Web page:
A recent survey has revealed that although doctors and consumers agree on the benefits of telemedicine, doctors have been slower to embrace the technology than their patients. According to the Deloitte 2018 Surveys of US Health Care Consumers and Physicians, over half of the consumers who have not yet tried video visits are willing to use the technology in the future, but less than one out of five physicians without video visit capability plans to add the service to his/her practice during the next couple years. The good news is that the doctors who have tried telemedicine generally feel good about it; indeed, the majority of physicians who have previously utilized telemedicine expect usage to increase over the next two years.
The survey identified several factors that contribute to the physicians’ reluctance to use telemedicine: lack of reimbursement, complicated licensing requirements, high cost of technologies, poor fit into workflow, reliability, and data security. Qualms about medical errors proved to be the largest concern; the survey data suggest that physicians need evidence and hands-on experience with telemedicine to overcome this skepticism.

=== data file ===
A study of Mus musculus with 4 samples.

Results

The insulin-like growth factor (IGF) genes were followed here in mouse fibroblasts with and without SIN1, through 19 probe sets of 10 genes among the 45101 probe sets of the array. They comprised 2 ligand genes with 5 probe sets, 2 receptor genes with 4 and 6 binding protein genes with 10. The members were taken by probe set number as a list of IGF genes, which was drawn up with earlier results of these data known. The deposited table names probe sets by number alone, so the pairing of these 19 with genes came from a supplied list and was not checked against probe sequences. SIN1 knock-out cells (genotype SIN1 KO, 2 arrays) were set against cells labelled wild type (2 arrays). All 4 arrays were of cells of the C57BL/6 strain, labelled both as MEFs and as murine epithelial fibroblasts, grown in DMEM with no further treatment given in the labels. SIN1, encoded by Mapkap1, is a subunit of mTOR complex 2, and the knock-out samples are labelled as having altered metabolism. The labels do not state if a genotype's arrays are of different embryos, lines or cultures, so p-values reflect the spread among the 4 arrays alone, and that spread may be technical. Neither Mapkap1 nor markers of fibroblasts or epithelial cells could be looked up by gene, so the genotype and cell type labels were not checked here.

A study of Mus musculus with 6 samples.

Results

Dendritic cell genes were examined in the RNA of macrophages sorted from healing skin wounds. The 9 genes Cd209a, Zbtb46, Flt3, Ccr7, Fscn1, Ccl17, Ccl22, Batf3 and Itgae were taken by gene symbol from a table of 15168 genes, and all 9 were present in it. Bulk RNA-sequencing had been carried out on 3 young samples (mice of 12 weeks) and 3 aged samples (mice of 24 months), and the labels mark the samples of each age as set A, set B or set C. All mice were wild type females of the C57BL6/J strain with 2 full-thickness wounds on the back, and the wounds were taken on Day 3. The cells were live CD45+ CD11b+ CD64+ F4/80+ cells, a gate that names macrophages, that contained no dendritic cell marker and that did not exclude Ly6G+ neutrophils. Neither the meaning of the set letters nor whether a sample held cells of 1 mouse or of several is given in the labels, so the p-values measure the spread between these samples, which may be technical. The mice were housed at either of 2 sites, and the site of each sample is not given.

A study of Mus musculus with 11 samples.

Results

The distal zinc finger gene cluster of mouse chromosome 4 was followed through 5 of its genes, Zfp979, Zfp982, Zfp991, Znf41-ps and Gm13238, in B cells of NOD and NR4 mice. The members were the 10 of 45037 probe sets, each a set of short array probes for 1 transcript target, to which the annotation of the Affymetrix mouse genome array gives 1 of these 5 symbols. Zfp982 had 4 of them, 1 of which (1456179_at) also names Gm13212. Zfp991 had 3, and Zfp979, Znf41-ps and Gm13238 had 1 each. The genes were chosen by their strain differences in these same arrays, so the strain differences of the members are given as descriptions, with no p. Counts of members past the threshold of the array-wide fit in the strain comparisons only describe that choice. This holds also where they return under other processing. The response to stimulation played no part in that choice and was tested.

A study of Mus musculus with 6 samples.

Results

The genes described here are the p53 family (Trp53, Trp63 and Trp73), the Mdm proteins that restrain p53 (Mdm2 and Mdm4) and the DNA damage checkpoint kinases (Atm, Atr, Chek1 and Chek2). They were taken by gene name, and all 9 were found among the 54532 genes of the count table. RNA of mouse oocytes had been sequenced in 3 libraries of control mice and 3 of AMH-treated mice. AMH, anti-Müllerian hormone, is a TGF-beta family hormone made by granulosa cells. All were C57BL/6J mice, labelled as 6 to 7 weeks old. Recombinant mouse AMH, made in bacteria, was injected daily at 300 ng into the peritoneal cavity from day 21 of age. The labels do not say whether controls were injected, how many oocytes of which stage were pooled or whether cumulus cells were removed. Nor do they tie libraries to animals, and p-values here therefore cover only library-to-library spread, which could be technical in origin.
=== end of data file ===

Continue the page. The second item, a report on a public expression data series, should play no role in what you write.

Reimbursement and licensing issues, while progressing slowly toward resolution, should not deter organizations from pursuing telemedicine. On a more immediate level, HealthLeaders Media offers four suggestions on how to stimulate interest in and encourage adoption of telemedicine among doctors, particularly by including them in strategic processes:
- Create an infrastructure that will support the vision.
- Align providers and staff throughout the organization to support telemedicine with a focus on improving patient experience, quality, and cost-effectiveness.
- Enable workflow, integration, and clinical process design.
- Routinize virtual care.
To read more about the survey, visit Deloitte’s website here.
To read HealthLeaders Media’s take on the survey results, click here.